Phil Ivey has been accused of cheating again, and this time by the Borgata Hotel Casino and Spa, located at Atlantic City in New Jersey. The Borgata claims that Ivey used a defect in one of the baccarat cards to his advantage and won a huge sum of $9.6 million in 2012.
John Brennan, a reporter for NorthJersey.com, says: “The suit alleges that some of the cards made by Gemaco turned out to not have a perfectly symmetrical design on the back. Ivey, the suit claims, was able to figure out what the first card to be dealt was—giving him a significant advantage over the house or casino.”
According to Brennan’s report, the Borgata used playing cards made by Gemaco and an automatic shuffler at its baccarat tables when Ivey won his millions. Cheng Yin Sun, a celebrity poker player who was accompanying Ivey at that time, stands accused of marking the cards by coaxing the dealer to handle then in such a way that “the leading edges of the strategically important cards could be distinguished from the leading edges of the other cards in the deck.” The casino complains that Ivey wanted to use the same automatic shuffler and the same deck so that the orientation of the playing cards would remain the same.
It may be recalled that Crockfords, a leading casino in London, refused to pay Ivey a huge prize of £7.8 million because it felt that Ivey had used a tactic to gain unfair advantage over the casino while playing baccarat. Interestingly, Ivey was accompanied by a Chinese woman, who helped him identify the favourable and unfavourable cards so that Ivey could distinguish one card from the other by just looking at their edges.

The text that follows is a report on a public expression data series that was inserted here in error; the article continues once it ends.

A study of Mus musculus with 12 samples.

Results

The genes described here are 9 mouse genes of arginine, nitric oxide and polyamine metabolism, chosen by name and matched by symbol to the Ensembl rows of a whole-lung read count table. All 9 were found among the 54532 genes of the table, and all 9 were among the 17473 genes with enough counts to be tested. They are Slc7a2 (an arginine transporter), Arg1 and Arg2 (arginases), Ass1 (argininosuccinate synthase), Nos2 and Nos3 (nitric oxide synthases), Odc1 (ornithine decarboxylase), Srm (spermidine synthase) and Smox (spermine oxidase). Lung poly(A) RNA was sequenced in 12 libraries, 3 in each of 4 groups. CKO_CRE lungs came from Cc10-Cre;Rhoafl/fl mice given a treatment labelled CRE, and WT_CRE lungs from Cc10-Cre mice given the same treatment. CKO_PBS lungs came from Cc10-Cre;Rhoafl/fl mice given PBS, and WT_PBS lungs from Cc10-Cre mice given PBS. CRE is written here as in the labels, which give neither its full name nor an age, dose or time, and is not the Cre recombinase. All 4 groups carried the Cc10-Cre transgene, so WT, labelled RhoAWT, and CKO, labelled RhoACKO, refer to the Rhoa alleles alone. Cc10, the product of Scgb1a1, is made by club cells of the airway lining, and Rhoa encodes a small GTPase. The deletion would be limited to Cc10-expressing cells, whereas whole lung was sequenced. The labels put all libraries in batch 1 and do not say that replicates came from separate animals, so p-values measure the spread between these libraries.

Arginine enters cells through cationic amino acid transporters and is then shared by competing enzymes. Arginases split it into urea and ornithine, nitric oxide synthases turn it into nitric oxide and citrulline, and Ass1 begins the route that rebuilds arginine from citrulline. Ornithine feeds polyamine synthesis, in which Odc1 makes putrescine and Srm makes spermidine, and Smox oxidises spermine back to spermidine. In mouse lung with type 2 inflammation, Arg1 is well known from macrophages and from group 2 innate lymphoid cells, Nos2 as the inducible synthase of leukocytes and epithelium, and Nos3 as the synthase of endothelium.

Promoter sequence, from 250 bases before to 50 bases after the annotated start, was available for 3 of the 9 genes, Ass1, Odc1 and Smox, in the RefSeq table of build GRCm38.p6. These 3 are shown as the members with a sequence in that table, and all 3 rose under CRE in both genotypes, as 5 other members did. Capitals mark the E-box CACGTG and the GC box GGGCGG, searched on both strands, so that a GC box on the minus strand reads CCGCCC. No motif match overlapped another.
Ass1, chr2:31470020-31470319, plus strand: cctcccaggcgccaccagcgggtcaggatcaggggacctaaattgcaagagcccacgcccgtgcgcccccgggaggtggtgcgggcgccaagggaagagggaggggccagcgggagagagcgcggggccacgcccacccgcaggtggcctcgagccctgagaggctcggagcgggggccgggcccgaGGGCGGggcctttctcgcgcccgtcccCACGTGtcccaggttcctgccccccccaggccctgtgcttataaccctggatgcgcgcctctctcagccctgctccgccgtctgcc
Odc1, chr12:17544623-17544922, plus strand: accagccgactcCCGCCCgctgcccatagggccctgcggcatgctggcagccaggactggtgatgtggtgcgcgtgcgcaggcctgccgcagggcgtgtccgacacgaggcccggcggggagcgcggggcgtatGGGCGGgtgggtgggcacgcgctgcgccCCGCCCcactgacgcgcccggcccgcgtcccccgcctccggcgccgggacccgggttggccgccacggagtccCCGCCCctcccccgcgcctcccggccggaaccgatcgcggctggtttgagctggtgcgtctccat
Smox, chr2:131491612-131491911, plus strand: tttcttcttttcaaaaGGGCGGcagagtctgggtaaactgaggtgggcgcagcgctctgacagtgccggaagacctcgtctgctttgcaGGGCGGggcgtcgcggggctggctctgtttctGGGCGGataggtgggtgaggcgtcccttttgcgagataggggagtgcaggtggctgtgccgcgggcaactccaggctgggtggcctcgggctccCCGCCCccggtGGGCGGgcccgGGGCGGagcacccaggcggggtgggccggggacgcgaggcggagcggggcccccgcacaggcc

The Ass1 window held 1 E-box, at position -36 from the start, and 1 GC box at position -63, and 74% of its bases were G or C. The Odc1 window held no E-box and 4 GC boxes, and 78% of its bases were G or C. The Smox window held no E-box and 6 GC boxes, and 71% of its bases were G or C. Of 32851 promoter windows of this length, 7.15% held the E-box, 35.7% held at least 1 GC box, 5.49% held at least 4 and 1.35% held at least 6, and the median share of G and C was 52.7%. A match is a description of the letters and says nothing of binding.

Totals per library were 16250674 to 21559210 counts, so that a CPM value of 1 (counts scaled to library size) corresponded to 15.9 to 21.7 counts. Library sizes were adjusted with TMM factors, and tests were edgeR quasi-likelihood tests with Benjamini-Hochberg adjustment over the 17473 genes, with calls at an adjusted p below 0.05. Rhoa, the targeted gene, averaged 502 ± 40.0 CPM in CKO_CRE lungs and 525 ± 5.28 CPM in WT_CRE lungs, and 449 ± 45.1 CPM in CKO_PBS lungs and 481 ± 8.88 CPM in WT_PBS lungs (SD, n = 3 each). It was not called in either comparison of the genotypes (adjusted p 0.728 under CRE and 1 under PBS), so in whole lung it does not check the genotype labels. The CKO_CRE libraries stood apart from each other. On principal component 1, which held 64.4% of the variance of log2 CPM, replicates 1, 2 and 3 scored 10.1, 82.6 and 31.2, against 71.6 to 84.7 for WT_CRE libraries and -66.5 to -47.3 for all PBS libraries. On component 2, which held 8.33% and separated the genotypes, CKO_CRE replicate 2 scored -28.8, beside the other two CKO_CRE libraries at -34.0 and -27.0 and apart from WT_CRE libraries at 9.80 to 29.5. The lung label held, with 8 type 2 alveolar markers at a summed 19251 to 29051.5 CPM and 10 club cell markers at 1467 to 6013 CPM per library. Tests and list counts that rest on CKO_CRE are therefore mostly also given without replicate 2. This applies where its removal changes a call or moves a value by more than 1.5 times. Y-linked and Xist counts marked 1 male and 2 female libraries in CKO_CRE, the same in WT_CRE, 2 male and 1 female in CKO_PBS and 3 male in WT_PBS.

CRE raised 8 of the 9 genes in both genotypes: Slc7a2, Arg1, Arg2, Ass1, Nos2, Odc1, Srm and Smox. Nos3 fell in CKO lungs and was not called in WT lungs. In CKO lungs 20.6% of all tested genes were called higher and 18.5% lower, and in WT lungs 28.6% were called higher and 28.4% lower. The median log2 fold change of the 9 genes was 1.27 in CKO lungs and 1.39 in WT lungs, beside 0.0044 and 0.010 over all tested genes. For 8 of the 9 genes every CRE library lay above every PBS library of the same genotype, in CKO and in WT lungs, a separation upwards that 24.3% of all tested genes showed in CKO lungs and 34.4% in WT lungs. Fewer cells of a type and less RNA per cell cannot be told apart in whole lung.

Ivey argued his case by saying that it was the casinos fault for not fixing the problem of edge sorting. At the same time, he admitted that he is an “advantage player” who does everything legally possible to gain an advantage over the house.
It is also interesting to note that both the Borgata Casino and Spa and the London-based Crockfords casino are used to being at an advantage over their players. Quite understandably, they are miffed by the fact that Ivey managed to gain an advantage over them by using defects in their own playing cards.
It is now up to the courts to decide if what Ivey did is to be considered illegal.